Last week a team visited Hawker Island on a stunning sunny day to service the island's bird cameras which monitor the Southern giant petrel breeding colony.
Hawker Island is located seven kilometres southwest from Davis station off the Vestfold Hills on the Ingrid Christensen Coast, Princess Elizabeth Land, East Antarctica. The island is designated as Antarctic Specially Protected Area (ASPA) number 167, following a proposal by Australia, primarily to protect the southernmost breeding colony of Southern giant petrels. The area is one of only four known breeding locations for Southern giant petrels on the coast of East Antarctica, all of which have been designated as ASPAs.
Southern giant petrels nest in ice-free coastal areas, rocky bluffs, open flats, edges of plateau or offshore rocks. However, even though nests may be totally covered by snow, the parental birds often continue to sit on them to protect their eggs or chicks from the potentially fatal cold. Both Southern and Northern giant petrels tend to return to the same nesting sites every breeding season. Some pairs have been observed returning to the same nest year after year. Southern giant petrels will defend their eggs and small chicks.
The colony is monitored with three cameras which automatically take photos of the colony throughout the year. The cameras are visited annually to check they are still working, give them a clean and swap out the memory cards.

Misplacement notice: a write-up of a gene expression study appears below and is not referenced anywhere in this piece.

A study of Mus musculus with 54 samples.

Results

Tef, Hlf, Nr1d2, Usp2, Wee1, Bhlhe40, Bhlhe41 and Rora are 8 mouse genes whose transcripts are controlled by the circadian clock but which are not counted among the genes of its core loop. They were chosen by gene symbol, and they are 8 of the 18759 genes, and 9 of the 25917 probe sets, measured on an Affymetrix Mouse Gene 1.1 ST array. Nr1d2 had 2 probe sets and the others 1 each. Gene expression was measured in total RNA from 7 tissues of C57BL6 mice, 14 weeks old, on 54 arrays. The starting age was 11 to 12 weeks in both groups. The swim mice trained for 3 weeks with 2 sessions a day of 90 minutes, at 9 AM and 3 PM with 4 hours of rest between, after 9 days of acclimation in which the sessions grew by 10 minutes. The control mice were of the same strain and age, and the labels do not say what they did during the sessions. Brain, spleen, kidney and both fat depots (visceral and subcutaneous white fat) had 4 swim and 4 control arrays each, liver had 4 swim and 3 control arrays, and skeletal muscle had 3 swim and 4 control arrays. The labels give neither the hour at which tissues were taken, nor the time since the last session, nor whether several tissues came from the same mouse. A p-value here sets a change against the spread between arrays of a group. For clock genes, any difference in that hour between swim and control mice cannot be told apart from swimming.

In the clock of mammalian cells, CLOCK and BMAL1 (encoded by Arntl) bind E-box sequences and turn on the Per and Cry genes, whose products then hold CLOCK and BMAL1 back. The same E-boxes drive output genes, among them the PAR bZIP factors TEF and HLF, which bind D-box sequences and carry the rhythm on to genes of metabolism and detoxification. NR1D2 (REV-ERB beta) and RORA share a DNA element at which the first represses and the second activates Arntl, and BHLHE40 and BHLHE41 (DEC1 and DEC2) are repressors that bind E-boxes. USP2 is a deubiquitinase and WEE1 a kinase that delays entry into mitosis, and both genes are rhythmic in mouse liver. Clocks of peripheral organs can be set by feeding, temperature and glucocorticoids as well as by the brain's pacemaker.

The birds are magnificant and large, some with wing spans of up to two metres. It was fascinating to watch these birds sit in pairs in the colony, take flight and interact with the other birds. The birds vary in colour dramatically, some have dark feathers and others have white feathers.
At this time of year, wildlife is slowly returning to the local area around Davis research station with some other recent sighting of Weddell seals and Snow petrels. On Sunday two adoscelent male Emperor penguins waddled onto the beach in front of station. They were very curious and playful, exploring the beach before heading off for another adventure. Everyone on station is very excited to see the wildlife again.
Please note: This visit to Hawker Island was conducted with a permit to enter the Hawker Island Antarctic Specially Protected Area (ASPA) for the purpose of servicing the scientific bird monitoring cameras. Photos were taken with a zoomed 300mm Nikon lens to maintain sufficient distance from the birds.